Did you know that when the stock market goes down, media bosses get poorer like magic? It's true — and the fact that it's a totally obvious point doesn't make it any less fun!
The problem with lists of billionaires' paper losses, like the one Henry Blodget's Business Sheet has assembled, is that they're frustratingly free of context. Did a particular CEO do anything to make his company's shares worthless, or was he just buffeted willy-nilly by the crashing stock market? Is Rupert Murdoch $3.5 billion poorer because he's a bad manager, or just unlucky? Instead, we're left knowing that they own many millions of shares in their companies and those shares are, ohmigod, totally worth less now than they were last January! That's about as much fun as reading companies' annual proxy statements.
What this list needs is a dose of schadenfreude. Here's an edited version, including only those people we really are happer to see poorer:
- Time Warner CEO Jeff Bewkes, -$3.3 million: Totally deserved, for installing Randy Falco, a useless broadcast-network flunky, as CEO of AOL, thereby destroying whatever remaining value the Internet portal had.
- Roger Ailes, head of Fox's local TV stations and Fox News Channel, -$3.5 million: This News Corp. executive deserves a net worth chop — not for the maddeningly popular Fox News, but for the laughably unwatched CNBC wannabe he championed, Fox Business Network.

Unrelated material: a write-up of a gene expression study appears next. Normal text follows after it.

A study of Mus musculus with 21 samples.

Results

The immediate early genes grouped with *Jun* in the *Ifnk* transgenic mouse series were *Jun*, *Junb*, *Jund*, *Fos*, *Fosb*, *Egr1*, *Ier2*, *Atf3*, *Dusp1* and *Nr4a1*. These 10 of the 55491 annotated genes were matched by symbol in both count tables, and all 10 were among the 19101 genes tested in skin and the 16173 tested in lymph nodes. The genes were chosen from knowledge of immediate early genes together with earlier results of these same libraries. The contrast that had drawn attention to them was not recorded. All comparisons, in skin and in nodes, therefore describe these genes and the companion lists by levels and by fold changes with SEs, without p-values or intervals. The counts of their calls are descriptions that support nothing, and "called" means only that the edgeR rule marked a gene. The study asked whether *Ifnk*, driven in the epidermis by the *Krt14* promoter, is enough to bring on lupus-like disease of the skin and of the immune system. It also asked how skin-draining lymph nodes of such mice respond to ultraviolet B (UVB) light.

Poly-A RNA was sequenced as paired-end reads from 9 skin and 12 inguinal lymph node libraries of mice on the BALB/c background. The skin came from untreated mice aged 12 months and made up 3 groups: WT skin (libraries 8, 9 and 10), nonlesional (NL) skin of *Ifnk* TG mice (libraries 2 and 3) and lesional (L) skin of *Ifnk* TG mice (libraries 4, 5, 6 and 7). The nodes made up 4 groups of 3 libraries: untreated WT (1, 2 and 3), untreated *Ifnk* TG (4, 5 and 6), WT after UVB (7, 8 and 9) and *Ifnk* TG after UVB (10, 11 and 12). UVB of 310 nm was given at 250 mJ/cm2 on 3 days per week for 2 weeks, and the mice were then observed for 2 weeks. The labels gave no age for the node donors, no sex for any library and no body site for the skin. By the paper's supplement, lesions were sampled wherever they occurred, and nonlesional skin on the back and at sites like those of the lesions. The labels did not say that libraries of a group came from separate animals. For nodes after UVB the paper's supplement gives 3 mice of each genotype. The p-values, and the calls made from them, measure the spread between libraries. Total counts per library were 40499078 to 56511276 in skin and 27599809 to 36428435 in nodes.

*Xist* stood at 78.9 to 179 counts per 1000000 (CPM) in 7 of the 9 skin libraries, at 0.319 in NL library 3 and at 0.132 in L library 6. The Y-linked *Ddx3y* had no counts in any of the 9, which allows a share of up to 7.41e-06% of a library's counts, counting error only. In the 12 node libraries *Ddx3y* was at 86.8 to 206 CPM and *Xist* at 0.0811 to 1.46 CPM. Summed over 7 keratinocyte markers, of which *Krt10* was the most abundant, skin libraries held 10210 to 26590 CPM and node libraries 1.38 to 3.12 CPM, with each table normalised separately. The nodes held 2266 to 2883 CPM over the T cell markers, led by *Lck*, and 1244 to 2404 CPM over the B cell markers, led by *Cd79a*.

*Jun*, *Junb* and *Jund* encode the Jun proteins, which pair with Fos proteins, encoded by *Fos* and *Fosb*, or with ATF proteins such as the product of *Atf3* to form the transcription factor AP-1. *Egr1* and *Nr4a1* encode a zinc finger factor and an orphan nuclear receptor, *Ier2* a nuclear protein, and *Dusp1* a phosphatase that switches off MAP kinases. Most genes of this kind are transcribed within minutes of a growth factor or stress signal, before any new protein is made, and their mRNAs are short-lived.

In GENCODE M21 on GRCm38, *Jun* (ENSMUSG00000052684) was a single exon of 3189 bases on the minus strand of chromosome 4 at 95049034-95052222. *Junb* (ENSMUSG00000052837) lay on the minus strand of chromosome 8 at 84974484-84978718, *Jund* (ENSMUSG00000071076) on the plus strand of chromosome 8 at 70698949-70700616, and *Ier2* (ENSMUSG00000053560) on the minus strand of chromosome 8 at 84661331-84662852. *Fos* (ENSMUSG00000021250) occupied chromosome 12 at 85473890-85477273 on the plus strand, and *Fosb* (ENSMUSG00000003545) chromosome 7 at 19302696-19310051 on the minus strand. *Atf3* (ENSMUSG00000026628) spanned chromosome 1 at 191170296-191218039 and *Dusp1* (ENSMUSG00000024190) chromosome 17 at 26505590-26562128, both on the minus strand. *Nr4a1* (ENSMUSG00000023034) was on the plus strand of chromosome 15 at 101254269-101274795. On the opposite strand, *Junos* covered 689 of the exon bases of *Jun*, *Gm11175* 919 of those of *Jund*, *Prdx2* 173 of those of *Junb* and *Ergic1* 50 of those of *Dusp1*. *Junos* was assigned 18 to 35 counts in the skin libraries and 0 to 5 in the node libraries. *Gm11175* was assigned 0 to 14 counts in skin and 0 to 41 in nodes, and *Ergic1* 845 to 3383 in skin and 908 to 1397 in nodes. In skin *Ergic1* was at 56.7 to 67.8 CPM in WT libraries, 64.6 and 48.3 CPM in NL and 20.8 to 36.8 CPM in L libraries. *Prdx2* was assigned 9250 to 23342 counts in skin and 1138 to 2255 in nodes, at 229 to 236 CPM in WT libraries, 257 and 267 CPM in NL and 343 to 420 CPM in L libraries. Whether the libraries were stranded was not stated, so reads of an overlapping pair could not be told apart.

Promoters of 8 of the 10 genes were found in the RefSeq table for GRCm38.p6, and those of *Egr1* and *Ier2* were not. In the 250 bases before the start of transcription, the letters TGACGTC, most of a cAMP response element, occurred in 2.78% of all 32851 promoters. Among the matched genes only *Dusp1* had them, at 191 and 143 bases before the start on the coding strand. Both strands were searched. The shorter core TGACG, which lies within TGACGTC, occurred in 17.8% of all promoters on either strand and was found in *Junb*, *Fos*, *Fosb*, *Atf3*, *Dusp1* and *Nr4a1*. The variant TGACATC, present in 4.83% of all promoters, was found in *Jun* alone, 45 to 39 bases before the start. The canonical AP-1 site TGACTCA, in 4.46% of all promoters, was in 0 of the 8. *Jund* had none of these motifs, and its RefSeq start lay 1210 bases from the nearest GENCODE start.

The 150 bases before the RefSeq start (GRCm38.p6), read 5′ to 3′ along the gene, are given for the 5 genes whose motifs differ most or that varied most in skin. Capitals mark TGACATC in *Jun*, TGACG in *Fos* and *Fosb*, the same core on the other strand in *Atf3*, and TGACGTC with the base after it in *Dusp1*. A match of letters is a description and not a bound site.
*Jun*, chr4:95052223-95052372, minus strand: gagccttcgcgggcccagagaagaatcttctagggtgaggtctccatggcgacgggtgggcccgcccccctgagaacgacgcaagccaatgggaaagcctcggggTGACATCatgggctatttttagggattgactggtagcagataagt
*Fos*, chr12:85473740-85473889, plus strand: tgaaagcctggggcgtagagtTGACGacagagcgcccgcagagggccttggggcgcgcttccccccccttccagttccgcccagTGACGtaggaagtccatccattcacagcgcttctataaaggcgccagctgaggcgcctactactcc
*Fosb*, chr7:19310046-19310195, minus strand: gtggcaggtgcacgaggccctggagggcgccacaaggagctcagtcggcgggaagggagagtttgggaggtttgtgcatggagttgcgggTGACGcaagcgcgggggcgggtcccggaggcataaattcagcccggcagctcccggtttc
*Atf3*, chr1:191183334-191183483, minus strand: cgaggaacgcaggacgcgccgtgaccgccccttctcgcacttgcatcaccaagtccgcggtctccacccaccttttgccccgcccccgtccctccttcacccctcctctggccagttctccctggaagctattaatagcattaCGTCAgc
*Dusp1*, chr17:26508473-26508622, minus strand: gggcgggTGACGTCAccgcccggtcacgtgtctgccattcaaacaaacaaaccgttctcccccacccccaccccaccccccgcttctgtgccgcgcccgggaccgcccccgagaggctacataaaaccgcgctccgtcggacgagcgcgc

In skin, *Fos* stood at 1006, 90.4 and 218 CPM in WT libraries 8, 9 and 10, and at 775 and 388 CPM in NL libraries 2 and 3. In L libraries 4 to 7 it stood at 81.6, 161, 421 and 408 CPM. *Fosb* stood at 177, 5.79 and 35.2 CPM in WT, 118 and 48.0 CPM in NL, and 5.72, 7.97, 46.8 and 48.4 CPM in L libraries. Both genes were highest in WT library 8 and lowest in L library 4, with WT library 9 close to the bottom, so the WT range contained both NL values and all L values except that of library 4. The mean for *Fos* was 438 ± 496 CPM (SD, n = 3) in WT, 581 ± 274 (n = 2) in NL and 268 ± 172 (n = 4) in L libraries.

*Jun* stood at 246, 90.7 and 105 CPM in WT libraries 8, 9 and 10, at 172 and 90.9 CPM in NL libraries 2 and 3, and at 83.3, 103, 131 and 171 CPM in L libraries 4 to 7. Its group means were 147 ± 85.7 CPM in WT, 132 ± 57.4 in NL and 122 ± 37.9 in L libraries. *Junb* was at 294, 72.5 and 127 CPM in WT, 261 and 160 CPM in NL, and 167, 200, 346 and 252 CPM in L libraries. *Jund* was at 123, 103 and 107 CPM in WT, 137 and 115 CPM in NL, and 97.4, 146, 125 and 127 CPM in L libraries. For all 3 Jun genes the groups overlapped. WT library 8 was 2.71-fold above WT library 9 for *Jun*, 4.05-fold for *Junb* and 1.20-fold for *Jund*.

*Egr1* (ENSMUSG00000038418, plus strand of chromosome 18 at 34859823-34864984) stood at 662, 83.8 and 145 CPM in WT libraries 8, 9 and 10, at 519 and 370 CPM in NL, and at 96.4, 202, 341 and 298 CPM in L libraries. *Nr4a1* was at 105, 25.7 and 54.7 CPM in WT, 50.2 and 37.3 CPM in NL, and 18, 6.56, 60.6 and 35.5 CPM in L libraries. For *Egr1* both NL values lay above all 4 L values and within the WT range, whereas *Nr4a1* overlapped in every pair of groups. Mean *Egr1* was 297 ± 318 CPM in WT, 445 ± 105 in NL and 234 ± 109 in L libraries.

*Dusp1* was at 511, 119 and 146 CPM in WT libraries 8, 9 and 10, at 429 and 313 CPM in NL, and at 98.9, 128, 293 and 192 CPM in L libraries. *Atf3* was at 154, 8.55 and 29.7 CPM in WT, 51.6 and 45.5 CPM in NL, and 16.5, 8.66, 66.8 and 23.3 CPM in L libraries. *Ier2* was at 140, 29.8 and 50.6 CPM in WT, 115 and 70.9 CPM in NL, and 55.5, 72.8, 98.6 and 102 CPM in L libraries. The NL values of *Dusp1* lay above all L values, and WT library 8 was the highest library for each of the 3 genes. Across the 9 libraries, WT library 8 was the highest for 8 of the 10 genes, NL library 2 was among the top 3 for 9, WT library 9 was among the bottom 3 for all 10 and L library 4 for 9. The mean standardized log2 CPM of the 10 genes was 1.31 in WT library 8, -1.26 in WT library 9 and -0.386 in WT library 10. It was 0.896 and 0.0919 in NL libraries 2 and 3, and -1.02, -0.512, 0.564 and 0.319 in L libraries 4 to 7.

- James Dolan, Cablevision scion, -$13.1 million: Bought Newsday, and then gave an interview to a company-owned cable network rather than to the newspaper, which, frankly, could use some help filling column-inches.
- Arthur Sulzberger, Jr., New York Times publisher, -$76.7 million: Almost let the Times run out of cash so his cousins could keep getting paid millions of dollars in dividends by the family-owned paper. Also, rumored to be in annoying relationship with Caroline Kennedy.
- Sam Zell, CEO, Tribune Co., -$315 million (maybe): Zell might lose his investment in the bankrupt Tribune — but he's not out nearly as much as his employees, whose stock-ownership plan was used to buy the newspaper-and-TV conglomerate.
Here's the whole list. Bravo if you can make it to the end — at which point you will learn that you never really cared about EchoStar CEO Charlie Ergen, the richest media mogul you've never heard of and for good reason. Also, you'll wonder why media CEOs aren't more photogenic.